Focus: A war on crime? Is this a battle that we can ever hope to win?

It's political commitment rather than numbers of bobbies on the beat that will make the difference

Can we win the war on crime? Tony Blair would say that his government's initiatives have been effective. But many experts are far more doubtful, and the public at large does not believe him.

Certainly, over the past few years the overall crime figures have been dropping. It is a remarkable change. As Professor Roger Matthews, a leading criminologist from Middlesex University, puts it: "If someone had said in the 1980s, when we get to 2003 crime figures will be dropping, no one would have believed you." But statisticians and criminologists have yet to come up with a coherent explanation of why crime is falling.

The Government has done its best to capitalise on the figures. "Overall, crime has fallen in the last five years," the Prime Minister told the Commons recently. "That stands in stark contrast to the Conservative government that ... doubled the rate of crime."

While true, that is only part of the story. Crime was falling before Labour took office in 1997. Apart from a rise of 3.8 per cent in 1999, the overall number of offences has fallen every year since 1992. But the type of crime is getting worse. In 1997-98, vehicle crime made up a quarter of all offences and violent crime only 8 per cent. By 2000-01, vehicle crime had fallen to 19 per cent while violent crime was up to 14 per cent. Perhaps this is one of the reasons why fear of crime remains relatively high and is certainly not falling as quickly as the crime rate itself.

"Some statisticians and experts think the public is irrational," says Professor Matthews. "'How can they still perceive threat although we know the figures are going down?' they ask. But I think that the public is often better placed to know what is going on. The public bases its knowledge on what happens around them. I live in Hackney, and four or five people I know have been mugged. That is what informs the public, not statistics."

There has also been an important shift in the patterns of crime, he says. "Bad crime areas are getting worse and good crime areas are getting better. This would explain a lot of the public perception."

Crimes of violence have bucked the downward trend, increasing by 17 per cent last year (although some of the increase is attributable to changes in police crime reporting).

Still more sinister is the rise of sexual offences, up by 8 per cent. Half of those raped still do not report the attack. Even so, there has been a 27 per cent increase in female rape to 11,441 cases. Indecent assaults rose from 21,700 to 24,800.

The detection rates show how far we really are from turning crime around. From 889,000 burglaries last year, only 26,300 offenders were convicted. In England and Wales, the overall detection rate for crime was 23.5 per cent in 2002-03, and only 12 per cent of the total of recorded offences resulted in a charge or summons.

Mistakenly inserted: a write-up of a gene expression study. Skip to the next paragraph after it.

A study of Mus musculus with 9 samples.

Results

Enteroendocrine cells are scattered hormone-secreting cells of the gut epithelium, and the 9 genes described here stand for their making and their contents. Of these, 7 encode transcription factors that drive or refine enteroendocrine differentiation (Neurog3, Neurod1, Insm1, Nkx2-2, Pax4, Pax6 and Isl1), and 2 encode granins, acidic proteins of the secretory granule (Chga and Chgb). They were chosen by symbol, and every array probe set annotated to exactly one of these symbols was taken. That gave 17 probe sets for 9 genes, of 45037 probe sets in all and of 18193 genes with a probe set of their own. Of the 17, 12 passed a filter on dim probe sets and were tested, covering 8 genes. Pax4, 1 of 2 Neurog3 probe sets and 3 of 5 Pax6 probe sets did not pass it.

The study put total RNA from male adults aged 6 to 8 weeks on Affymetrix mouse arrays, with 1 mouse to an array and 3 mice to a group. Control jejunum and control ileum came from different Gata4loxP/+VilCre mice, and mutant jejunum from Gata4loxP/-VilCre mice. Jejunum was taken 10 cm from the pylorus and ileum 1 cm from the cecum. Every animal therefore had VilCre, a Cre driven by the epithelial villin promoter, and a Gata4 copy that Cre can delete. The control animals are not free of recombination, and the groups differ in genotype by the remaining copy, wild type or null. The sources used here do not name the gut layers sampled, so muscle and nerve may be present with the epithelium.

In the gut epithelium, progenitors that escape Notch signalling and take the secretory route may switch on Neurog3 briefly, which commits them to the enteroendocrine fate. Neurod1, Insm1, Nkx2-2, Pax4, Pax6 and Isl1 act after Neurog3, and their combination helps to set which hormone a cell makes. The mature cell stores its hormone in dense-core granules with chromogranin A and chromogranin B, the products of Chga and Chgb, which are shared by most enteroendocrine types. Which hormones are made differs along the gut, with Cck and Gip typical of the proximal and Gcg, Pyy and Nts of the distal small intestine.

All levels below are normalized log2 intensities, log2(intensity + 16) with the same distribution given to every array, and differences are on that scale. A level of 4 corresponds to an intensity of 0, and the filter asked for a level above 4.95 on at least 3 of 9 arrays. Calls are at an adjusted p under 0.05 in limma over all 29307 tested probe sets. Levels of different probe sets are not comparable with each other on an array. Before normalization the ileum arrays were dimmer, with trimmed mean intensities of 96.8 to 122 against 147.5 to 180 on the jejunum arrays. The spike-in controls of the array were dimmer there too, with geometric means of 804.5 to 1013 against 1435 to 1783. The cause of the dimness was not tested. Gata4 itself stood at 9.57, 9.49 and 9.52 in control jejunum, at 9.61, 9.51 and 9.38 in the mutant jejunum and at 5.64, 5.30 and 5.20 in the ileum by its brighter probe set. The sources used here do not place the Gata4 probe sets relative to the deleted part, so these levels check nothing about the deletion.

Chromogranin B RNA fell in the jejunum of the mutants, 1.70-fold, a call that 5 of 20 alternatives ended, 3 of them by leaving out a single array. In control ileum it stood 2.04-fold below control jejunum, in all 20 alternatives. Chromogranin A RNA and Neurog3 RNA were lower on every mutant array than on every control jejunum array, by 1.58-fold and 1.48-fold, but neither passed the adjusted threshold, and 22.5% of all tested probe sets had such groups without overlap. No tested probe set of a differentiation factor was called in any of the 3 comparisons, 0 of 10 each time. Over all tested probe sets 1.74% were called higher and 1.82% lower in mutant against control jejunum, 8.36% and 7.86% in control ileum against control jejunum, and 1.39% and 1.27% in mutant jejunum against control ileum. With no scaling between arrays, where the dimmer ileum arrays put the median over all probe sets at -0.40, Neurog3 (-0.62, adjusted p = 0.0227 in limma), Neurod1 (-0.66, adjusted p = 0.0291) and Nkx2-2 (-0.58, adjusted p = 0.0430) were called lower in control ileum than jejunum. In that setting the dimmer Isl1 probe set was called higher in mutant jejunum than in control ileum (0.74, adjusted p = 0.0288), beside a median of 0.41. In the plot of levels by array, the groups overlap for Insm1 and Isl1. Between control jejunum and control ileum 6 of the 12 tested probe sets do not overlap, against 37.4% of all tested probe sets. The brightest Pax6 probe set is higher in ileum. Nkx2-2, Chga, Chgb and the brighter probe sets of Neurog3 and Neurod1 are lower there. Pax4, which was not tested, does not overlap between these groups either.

A number of forces are under scrutiny for their poor performance, notably Humberside police - and not just for the Soham murders. Northampton police are under pressure after their detection rate fell by 23 per cent in the last recorded year.

The police generally have a beleaguered air. Few forces meet the expectations of their local population and, as communities find it ever harder to deal with delinquents, so the sense of dissatisfaction grows.

Professor Matthews says one problem is the expansion of what we think of as the police role. "Crime has expanded into community safety. It's dealing with the pre-criminal or the sub-criminal. If a bunch of kids are behaving badly around a park seat, it becomes a police matter. The police say: 'We can't do everything', rightly. This is a whole new agenda dropped on their table. Crime is being expanded."

Professor David Wilson, an ex-prison governor turned criminologist, is more critical. "Policing in this country is rubbish. Out of every 100 crimes, only about two lead to any form of criminal convictions."

Labour's policy has been to launch high-profile initiatives such as the six-month operation against street crime. But the officers on these initiatives are diverted from other duties. In many areas there are now virtually no traffic police - and carnage on the roads.

A large prison population has been another mark of Labour's tenure. Professor Wilson believes the falling crime rate has nothing to do with the number of people in prison - currently the record figure of 70,000. "Prison doesn't work," he says. "Two out of three released prisoners go on to commit more crimes." Instead, he says, time and effort should be spent on changing the behaviour of criminals.

One of the most stunning crackdowns on crime took place in New York under Rudolph Giuliani, the former mayor, who reduced crime in Manhattan. New York is now seen as safer than London. However, the number of police officers per head of population is much higher than in any British city.

What is lacking from Labour is real political commitment. Mr Blair first looked like prime ministerial material on the day he pledged to be tough on crime and tough on the causes of crime. But 10 years on, the chances of being killed by a speeding motorist or a drunken youth are far greater than that of being killed in a terrorist attack. However, the mundane business of tackling routine crime does not propel politicians on to the world stage.

The Home Secretary trumpets the increase in the number of police officers, up by 14,000 in three years in England and Wales, to 138,000. But the quality of officers often remains poor, and, in any case, the increase in numbers is a fraction of what is needed to make a real difference.